Apple on Tuesday took aim at Google's smartphone as it accused Taiwanese handset manufacturer HTC, which makes Google's flagship Nexus One, of violating 20 of Apple's patents, some of which were issued in the mid-1990s.
As many as 10 of those violations involve the Nexus One, Apple said in a complaint submitted Tuesday to the U.S. International Trade Organization (ITC). Apple also filed a similar lawsuit in federal court in Delaware that cited 10 different patents. That lawsuit, however, did not specify the HTC-made phones that allegedly violated Apple's patents.
In the complaint to the ITC, Apple grouped a dozen HTC smartphones that rely on Google's Android operating system, including the Nexus One, Pro Touch, Touch Diamond, TouchPro 2, Tilt II, Pure, Imago, T-Mobile G1, myTouch 3G, Hero, Droid Eris, and HD2. Lumping the phones into what it called the "Accused HTC Android Products," Apple claimed that the collection relied on its technology.
Apple CEO Steve Jobs hammered that point in a statement Tuesday. "We can sit by and watch competitors steal our patented inventions, or we can do something about it. We've decided to do something about it," Jobs said. "We think competition is healthy, but competitors should create their own original technology, not steal ours."
The oldest of the 10 patents in the ITC complaint was one awarded in 1996 to NeXT, the firm that current Apple CEO Steve Jobs founded in 1985 after he was forced out of Apple. In 1996, Apple bought NeXT for $429 million, bringing Jobs back to Apple. Much of Mac OS X is built on the OpenStep operating system developed at NeXT.
Like most others cited in the ITC complaint, patent 5,481,721 involves operating system technologies, a fact that many have seen as an indication that Apple's fight may be as much with Google, Android's creator, as with any hardware maker.
"Apple's not in the business of litigation," said Barry Cohen, a patent and intellectual property attorney at Thorp Reed & Armstrong LLP. "Only lawyers are in business to litigate. Apple has a bigger purpose here, but whether it's to shut down HTC or to go directly after Google is unclear at the moment. Do they have a plan to subsequently [sue] Google? Possibly."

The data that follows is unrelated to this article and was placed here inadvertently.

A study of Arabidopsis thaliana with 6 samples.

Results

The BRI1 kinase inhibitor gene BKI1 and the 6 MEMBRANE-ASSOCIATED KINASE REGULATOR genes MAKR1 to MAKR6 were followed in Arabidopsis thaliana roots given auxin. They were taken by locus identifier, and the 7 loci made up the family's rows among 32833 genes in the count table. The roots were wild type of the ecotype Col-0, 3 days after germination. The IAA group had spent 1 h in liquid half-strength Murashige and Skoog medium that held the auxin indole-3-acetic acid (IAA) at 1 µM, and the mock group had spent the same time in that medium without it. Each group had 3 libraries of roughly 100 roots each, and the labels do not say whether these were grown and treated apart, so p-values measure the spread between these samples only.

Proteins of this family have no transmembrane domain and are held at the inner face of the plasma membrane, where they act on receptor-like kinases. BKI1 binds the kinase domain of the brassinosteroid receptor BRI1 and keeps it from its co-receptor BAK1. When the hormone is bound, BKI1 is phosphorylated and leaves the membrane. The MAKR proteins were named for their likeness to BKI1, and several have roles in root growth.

Cohen said that if Tuesday's filings were only a the first step toward taking on Google directly, he expected that Apple had set its strategy and was following a game plan. "Apple is a smart company," he said.
One unknown, Cohen added, is whether HTC and Google have an agreement that would require the latter to help the former defend any patent infringement claims that relate to the Android operating system. "We don't know what, if any, agreements are in place," he said.
But a clue to the relationship between HTC and Google, and the latter's involvement in any patent defense, may come when HTC either files a countersuit or answers Apple's complaints. "If HTC hires a law firm that's known for working with Google, that would be a hint," said Cohen.
Apple did not name Google in the federal lawsuit or in the complaint filed with the ITC.
This is not the first patent infringement action Apple has taken against iPhone rivals. Last December, Apple countersued Nokia after the Finnish handset maker accused Apple of violating its patents. At least five of the 20 patents listed in Tuesday's complaints were also cited in Apple's countersuits against Nokia.
Subsequently, Nokia filed a second lawsuit, asking a federal court to block Apple from importing virtually any current Apple hardware into the U.S., including products in the iPhone, iPod and Mac lines.
Apple also revealed that it was among the first customers to purchase a Google Nexus One. To prove it had examined the device, it bought the smartphone on Jan. 5, 2010, the first day Google put it up for sale on its Web store.
"Apple has a great lead with the iPhone, but now all kinds of companies are jumping on the bandwagon," said Cohen. "If Apple is worried that [it] will erode its iPhone market share, it's not going to sit back, especially if it believes its intellectual property is being violated."
Gregg Keizer covers Microsoft, security issues, Apple, Web browsers and general technology breaking news for Computerworld. Follow Gregg on Twitter at @gkeizer or subscribe to Gregg's RSS feed . His e-mail address is firstname.lastname@example.org.